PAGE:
Welcome to the end of Charles Howell's upstream swim into the mainstream of professional golf.
In spite of all obstacles, Howell is approaching the headwaters. In spite of all bureaucratic shackles, he is among the game's elite.
He hasn't won a tournament - yet - but the Official World Rankings reflect the fact that Augusta's own Charles Howell III has "arrived."
Howell leaped from 65th to 50th in the world rankings after his third-place finish at the Michelob Championship. Howell began the 2001 season with no PGA Tour status and a ranking of 324th.
If he stays in the top 50 until the end of the season, Howell will have fulfilled his most coveted goal of qualifying to play in the 2002 Masters. That would be a big relief, not only for Howell but for Masters officials who would have been faced with the dilemma of possibly excluding the hometown star who fairly qualified for invitation in every way except semantics.
Beyond that, a top-50 ranking can mean inclusion into World Golf Championship events and the other big-time perks that perpetuate the status of golf's most elite superstars.
Howell's consistent success in the face of sustained challenges says a lot about the young man. He's battled through so many rules changes that the PGA Tour keeps having to remedy the process to undo the mess they've created. The most recent Howell addendum to PGA Tour policy became effective in September when the board voted to allow any special temporary member whose money winnings are equal to the top 30 to be added to the field of the season-ending Tour Championship. Howell's $1.373 million would rank 36th, with three tournaments remaining to move up.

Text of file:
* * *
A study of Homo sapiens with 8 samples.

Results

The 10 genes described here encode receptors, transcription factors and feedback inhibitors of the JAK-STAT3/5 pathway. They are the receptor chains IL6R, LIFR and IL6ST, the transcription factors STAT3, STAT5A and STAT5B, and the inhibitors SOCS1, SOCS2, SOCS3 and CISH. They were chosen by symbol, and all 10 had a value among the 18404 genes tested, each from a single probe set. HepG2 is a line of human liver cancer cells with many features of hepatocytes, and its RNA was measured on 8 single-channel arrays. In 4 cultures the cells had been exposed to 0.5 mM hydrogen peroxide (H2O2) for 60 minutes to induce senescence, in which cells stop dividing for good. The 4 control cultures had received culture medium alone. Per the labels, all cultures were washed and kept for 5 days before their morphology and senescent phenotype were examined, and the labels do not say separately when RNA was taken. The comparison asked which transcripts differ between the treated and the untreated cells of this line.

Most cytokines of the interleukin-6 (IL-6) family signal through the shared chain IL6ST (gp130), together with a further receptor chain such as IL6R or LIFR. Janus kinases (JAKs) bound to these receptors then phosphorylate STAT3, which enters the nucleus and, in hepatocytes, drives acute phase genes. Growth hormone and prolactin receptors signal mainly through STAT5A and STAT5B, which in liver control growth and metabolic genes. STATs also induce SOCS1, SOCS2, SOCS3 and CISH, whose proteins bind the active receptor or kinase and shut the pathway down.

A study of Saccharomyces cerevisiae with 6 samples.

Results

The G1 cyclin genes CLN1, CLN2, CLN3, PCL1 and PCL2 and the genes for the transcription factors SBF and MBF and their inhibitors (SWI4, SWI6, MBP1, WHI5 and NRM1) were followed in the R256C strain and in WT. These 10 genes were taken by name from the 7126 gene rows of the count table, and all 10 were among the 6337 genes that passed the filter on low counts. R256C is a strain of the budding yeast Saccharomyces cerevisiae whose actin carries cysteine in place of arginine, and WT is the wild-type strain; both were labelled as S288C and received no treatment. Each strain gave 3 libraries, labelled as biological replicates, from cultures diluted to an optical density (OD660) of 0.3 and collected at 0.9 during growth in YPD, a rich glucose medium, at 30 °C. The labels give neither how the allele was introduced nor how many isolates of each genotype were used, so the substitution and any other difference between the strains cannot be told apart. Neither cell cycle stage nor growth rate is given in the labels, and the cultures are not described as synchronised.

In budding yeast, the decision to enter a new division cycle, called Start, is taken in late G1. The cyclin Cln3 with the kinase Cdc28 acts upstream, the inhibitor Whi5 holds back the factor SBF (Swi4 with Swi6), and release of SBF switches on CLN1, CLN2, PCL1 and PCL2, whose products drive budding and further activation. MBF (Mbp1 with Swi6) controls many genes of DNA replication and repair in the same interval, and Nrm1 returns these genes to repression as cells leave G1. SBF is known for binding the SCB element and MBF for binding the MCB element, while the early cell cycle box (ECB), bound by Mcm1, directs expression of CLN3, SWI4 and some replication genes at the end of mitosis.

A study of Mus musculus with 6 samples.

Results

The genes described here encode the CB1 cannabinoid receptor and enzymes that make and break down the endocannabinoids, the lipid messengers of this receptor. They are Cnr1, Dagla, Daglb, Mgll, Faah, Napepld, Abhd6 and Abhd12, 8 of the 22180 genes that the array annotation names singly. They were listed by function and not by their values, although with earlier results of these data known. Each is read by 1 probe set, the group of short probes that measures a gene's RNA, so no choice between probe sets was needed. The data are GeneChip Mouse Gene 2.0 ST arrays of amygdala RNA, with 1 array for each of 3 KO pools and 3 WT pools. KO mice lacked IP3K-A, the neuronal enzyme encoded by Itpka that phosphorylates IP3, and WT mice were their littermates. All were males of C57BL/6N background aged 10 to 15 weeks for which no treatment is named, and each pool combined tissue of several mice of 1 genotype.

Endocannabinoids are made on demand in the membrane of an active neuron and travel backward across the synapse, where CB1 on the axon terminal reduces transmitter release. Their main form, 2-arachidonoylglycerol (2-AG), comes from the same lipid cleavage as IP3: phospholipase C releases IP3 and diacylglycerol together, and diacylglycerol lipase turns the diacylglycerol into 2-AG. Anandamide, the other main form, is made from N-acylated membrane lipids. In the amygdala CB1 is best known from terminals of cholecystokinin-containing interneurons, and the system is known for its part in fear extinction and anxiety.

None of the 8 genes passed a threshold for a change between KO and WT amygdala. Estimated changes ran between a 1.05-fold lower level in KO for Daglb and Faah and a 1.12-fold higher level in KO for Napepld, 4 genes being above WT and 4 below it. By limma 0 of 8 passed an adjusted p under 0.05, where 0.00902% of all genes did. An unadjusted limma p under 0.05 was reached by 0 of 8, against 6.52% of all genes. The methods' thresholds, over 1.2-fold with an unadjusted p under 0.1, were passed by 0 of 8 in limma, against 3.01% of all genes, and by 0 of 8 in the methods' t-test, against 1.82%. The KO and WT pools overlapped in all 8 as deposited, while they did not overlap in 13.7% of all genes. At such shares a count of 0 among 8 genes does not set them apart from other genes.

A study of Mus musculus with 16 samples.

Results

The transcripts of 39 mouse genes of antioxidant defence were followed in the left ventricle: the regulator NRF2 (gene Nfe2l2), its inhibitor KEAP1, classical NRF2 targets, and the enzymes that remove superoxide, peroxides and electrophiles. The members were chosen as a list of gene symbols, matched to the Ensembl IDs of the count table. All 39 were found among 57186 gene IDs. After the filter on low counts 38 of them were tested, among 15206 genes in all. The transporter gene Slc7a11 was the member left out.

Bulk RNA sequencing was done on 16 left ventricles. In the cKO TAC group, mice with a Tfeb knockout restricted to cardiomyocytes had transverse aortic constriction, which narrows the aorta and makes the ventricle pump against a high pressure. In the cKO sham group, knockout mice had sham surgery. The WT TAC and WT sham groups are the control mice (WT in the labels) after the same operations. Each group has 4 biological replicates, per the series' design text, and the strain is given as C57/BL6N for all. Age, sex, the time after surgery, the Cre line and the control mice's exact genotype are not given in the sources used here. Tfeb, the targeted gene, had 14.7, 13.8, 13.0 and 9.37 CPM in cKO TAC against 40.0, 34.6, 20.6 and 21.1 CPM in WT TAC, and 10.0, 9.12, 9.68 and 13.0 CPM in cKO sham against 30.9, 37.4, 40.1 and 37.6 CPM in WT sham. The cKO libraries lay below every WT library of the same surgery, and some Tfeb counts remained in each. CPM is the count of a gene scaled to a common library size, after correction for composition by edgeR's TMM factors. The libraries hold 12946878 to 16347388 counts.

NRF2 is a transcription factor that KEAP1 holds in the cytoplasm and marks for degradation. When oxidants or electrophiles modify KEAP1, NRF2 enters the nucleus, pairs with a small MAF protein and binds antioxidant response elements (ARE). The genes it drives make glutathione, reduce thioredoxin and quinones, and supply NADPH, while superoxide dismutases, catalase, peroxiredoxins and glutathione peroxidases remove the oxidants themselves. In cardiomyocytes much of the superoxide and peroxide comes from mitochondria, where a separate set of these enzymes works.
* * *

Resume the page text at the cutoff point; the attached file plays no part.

But to truly understand just how difficult Howell's ascension in the rankings is, you'd need a Ph.D. in mathematics. The calculation of the Official World Rankings is a complex procedure full of weighted fields and sliding scales and two-year devaluation principles.
In essence, a player's ranking is devised by totaling the points a player earns in a two-year period and dividing it by the number of events played. But there's a catch - the minimum divisor is 40 events. So while Howell has only played in 33 official PGA Tour events since turning pro in the summer of 2000, his points earned have been divided by 40 since day one.
Suffice to say that the ranking system works heavily against a young player such as Howell who is just breaking into the system.
"Up to now he's been trying to overcome that barrier," said Steve Rankin, the vice president of corporate affairs for the PGA Tour, who understands the world rankings better than most. "Howell is starting to get into that rarified air where it will take a number of significant results to keep moving up."
Now that he's here, Howell isn't likely to slip out of the top 50 this year. In each of the three events he has left to play - Las Vegas, Disney and the Buick Challenge - he missed the cut last year. That means he has only points to gain and nothing to lose - and it will still be divided by 40.
Bank on this: Howell has arrived at the top of the golf food chain. He's swimming with the big fish - and it only gets better from here.
Reach Scott Michaux at (706) 823-3219.